NOTE: This topic is part of the Uptime Information Hub.
Troubleshooting performance issues (cont'd)
This is a continuation of the troubleshooting performance issues series.
If you have issues with a particular protocol, there are several things to consider. For SMB, if you see a client/server interaction where Isilon is the server and you think that the behavior is incorrect, try reproducing the same interaction against a Windows server. Taking packet captures of each interaction and comparing them can be very informative.
Some of the protocols (SMB, in particular) have a long and varied history. The EMC SMB service does not support all pre-SMB1 (LM0.12) commands, and does not support clients that cannot or will not use Unicode instead of ASCII. This includes some photocopiers that implement a very old SMB stack. EMC supports NFS versions 2 and 3, and, if you enable it, version 4. Version 1 is not supported. UDP is supported, but we strongly recommend against it, for reasons related to issues with the protocol. For HDFS, we maintain a list of tested and supported Hadoop distributions.
Another issue that affects SMB is the use of protocol accelerators over WAN. These devices are very useful, but because they necessarily change the protocol that they are accelerating, they also cause significant compatibility issues. In this case, we recommend performance testing with the device disabled or out of the loop.
Finally, firewalls can break protocols in subtle and unusual ways. In particular, NFS file locking in versions prior to version 4 require multiple open ports in both directions in order for the protocol to operate correctly.
The NFS file protocol has a fairly long history. The jump to version 4 involves an enormous change in implementation. Unlike version 3 and earlier, NFS version 4 is "stateful," meaning that NFS remembers your configuration settings. OneFS supports versions 2, 3, and, optionally version 4 (disabled by default).
Some common issues that you may encounter with NFS:
NFS fields are part of the NFS specification. They are returned by the GETATTR and READDIRPLUS options in the isi nfs... commands. This means, for example, that listing out files by using the ls command on the client will trigger these calls. The fileid (not to be confused with the similarly named filehandle) represents the inode number of the file on the server. It is specified as a 64-bit value in the NFSv3 specification. On an Isilon cluster, for every file in the /ifs directory, except for /ifs itself, the inode number is guaranteed to be > 32-bit values. The issue is that certain older clients can't handle translating this larger value down into the inode value—for example, the stat() system call. Therefore, older clients—especially older releases of AIX, and even newer client operating system releases running older client code—can fail when these large values are returned. To work around this, there is a per-export option that forces OneFS to truncate the returned fileid to just the lower 32 bits.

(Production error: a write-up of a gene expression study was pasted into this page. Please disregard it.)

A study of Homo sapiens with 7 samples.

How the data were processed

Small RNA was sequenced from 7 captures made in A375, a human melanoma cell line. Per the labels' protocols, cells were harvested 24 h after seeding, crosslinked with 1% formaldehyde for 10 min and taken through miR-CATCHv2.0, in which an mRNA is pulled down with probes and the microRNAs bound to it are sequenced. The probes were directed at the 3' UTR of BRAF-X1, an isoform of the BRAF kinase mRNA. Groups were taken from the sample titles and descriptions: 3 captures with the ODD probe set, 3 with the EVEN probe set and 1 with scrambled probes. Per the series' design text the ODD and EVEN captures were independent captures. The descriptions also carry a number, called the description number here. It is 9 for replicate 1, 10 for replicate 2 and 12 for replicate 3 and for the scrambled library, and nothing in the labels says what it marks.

If you are seeing unexpected access to exports, particularly client access that you think should be denied, check for overlapping exports. If you create a restricted export of /ifs/data, but /ifs is exported to all users and submounts are allowed, all users will be able to access /ifs/data by means of the /ifs export.
NFSv3 is not "firewall friendly." Because of the stateless nature and the add-on elements, such as the lockd utility, you must take extreme care with firewall rules.
The SMB protocol also has a very long history. OneFS supports many modern clients, but older clients attempting to use pre-SMB1 protocol operations will not function properly.
A common misunderstanding regarding file access using SMB is that there are two sets of permissions to deal with. Each share in SMB has what is called a share ACL. This is the first hurdle a client must clear to gain file access. If the share ACL does not give them access, the file system permissions are not even checked. In this sense, the share ACL is a subtractive system. In other words, with the exception of the "run as root" flag, the share ACL never gives extra permissions; it takes them away. For example, a share ACL entry that gives a group read access means the group can only read files; even the file system permissions would have allowed write access. After the share ACL has passed, then the on-disk permissions are compared to the access token for the client. If the "run as root" flag is set in the share ACL, access is performed as root, and permissions are bypassed. This can be useful for administrative purposes, but the primary use case should be data migration.